A miracle beyond our ancestors’ imagination

A miracle beyond our ancestors’ imagination

Yom Ha’atzmaut — observed this week — is a time to review some of Israel’s achievements.

Israel’s greatest achievement is its existence. After 2,000 years of dispersion, the Jewish people (at least some of them), decided to take their future into their own hands, return to the ancient homeland, and build a nation. My grandfathers and perhaps yours too could never have imagined such a thing happening. And in truth, how many Jews at the beginning of the 20th century could have imagined Jews returning to the ancient homeland, getting their hands dirty cultivating the land, and learning the art of self-defense? All this while at the same time creating a new culture with the revived Hebrew language as its foundation.

When Israel asserted its independence in 1948, it not only withstood the attacks of the local Palestinians but also that of five Arab countries bordering on it. While in Turkey several years ago, I was discussing the Middle East with a school teacher. He claimed that the United States must have aided Israel in becoming an independent state. I told him that despite the United States’ being the first country to recognize the new state, the Americans put an embargo on exporting arms to the area. He then asked how many Jews there were in Israel in 1948. Upon hearing that the number was 650,000, he asked how it was possible for 650,000 Jews to withstand the armies of five Arab states. I don’t know how they did it — but they did, albeit at tremendous cost.

Recently I heard Israel’s ambassador to the United States, Michael Oren, a product of West Orange, say that Israel often claims it is the only democracy in the Middle East. He went on to say that he hopes that the “Arab Spring” will yield additional democracies, noting that democracies rarely make war on one another. Israel’s democracy is not perfect. Yet despite its flaws, Israel is a thriving democracy with a free press and an independent judiciary. Egyptians in Tahrir Square were amazed that the former president of Israel was sentenced to jail for sex crimes by a three-person judiciary that included an Arab judge.

Those of us who pray at traditional synagogues are familiar with the prayer “And gather our dispersed from among the nations, and bring them all together from the ends of the Earth.” The 650,000 Jews of 1948 have become more than 5.5 million. Israel took in more than 100,000 black Africans from a continent mired in chaos and bloodshed. Its existence gave hope to Russian refuseniks, a hope that resulted in the exodus of more than 1,000,000 Soviet Jews.

Paradoxically, it also led to a rebirth of Jewish culture among those Jews electing not to immigrate. We can only imagine how many more Jews would have escaped the Shoa had there been an independent Israel just 10 years before the start of World War II.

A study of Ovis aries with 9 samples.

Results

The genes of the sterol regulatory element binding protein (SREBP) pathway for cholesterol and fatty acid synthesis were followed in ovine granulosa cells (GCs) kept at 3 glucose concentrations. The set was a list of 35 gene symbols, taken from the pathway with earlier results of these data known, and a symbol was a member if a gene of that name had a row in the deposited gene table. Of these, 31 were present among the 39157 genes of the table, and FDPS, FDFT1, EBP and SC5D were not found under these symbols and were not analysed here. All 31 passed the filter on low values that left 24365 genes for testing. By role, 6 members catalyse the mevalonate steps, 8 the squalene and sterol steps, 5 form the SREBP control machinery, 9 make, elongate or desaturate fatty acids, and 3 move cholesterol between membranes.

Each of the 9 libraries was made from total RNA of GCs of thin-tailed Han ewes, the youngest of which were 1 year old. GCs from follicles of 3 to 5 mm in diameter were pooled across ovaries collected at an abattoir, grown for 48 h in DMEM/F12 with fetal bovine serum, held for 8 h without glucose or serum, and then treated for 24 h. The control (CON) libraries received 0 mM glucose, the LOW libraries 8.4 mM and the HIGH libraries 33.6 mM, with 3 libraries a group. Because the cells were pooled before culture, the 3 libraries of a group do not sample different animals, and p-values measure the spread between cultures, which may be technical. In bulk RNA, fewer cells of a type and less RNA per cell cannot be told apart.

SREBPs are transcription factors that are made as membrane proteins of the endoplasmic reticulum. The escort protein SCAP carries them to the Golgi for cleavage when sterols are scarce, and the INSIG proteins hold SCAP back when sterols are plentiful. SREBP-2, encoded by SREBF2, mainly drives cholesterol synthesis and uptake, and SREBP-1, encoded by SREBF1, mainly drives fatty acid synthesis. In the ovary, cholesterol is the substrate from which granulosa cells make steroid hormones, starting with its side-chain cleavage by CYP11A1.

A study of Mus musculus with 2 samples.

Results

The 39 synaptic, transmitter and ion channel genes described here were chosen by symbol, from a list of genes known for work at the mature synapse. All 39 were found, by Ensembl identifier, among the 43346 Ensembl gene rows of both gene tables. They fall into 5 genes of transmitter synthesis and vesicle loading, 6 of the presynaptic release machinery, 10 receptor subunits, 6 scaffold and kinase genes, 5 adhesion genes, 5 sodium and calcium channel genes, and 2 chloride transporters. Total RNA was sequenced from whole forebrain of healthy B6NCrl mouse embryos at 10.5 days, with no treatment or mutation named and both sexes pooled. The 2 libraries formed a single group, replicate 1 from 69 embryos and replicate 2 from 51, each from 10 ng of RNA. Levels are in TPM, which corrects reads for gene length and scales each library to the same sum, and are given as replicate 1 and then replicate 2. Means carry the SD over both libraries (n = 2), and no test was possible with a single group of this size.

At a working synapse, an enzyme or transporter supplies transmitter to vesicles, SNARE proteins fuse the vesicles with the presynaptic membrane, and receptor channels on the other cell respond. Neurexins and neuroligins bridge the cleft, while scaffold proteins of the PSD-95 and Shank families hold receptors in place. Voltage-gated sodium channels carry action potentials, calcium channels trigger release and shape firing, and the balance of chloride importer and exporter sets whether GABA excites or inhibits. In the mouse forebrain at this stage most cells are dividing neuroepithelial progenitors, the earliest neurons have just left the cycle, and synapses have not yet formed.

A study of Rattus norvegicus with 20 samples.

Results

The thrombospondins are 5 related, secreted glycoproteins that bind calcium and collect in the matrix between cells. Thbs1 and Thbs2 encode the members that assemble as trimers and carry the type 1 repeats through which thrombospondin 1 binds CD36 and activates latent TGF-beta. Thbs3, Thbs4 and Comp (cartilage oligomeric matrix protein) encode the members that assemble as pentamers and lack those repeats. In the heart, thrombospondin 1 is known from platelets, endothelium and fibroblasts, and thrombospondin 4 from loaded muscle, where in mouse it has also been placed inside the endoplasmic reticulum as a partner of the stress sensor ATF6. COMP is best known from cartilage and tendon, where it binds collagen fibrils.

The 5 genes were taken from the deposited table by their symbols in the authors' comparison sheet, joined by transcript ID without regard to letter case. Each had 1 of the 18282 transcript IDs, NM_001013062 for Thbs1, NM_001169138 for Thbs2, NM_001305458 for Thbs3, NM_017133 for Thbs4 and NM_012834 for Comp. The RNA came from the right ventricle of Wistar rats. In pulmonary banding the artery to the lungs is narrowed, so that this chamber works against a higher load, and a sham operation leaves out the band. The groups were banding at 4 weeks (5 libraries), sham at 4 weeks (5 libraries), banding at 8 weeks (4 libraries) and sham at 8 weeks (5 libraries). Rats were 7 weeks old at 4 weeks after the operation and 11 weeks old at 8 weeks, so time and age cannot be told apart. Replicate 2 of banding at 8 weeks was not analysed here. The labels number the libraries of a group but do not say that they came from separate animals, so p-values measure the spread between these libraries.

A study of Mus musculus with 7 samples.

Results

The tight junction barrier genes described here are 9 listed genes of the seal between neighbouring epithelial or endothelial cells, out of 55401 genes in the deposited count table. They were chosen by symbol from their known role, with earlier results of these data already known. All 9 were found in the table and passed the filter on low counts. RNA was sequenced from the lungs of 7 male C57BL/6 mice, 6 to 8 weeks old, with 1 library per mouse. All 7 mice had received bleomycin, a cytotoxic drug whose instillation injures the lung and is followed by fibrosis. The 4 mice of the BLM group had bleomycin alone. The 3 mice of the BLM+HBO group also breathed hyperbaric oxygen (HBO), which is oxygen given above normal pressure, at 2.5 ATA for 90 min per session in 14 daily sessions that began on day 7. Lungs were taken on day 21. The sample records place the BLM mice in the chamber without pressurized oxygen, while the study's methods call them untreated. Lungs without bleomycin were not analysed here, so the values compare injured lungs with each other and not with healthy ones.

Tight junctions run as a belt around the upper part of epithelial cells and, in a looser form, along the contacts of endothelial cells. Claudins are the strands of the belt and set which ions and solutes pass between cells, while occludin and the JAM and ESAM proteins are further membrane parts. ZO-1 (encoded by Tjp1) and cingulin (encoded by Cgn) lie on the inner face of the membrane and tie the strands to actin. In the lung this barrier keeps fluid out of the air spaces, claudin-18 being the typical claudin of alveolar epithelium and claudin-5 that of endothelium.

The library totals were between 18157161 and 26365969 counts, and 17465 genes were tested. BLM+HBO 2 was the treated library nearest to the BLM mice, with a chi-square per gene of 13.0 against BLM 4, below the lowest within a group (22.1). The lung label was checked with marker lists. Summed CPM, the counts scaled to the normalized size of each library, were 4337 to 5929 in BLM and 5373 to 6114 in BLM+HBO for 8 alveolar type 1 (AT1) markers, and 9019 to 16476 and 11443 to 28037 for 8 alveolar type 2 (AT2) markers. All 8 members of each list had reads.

I recall as a child collecting food from neighborhood groceries to send to the new State of Israel, for the hundreds of thousands of Jews migrating to it from the DP camps and other locations in Europe. Today, Israel is a food exporter and has a foreign aid program to help developing nations. It is particularly adept at responding quickly to disasters, as the Haitians, Bosnians, and Japanese can attest to.

The book Start-Up Nation: The Story of Israel’s Economic Miracle by Dan Senor and Saul Singer shows how Israel is in the forefront of the technology revolution, producing more start-up companies than Japan, China, India, Korea, Canada, and the United Kingdom. Truly remarkable.

In a world in which small nations frequently request United States or United Nations intervention, one small nation has developed one of the most powerful militaries in the world. This comes at tremendous cost in dollars that could be invested in improving the nation’s social and educational services. Again, could my grandfather have conceived of such a Jewish army?

There are still many unmet challenges: the search for peace, the divide between the haredim and the non-Orthodox, and the unconscionable gap between rich and poor, a phenomenon recently criticized by the Organization for Economic Cooperation and Development, of which Israel is a proud member.

Nevertheless, a recent Gallup Poll rated Israel seventh of the 124 nations reviewed in terms of happiness of its people, rated right along with Denmark and Canada and surpassing most European countries. Not bad for a country subject to missile attack, terrorism, and threats of annihilation.

Therefore, we who are privileged to live in the generation of Israel reborn should join in unison the thanksgiving prayer of the ages, “Sheheheyanu, v’kiyimanu, v’higianu lazman hazeh.”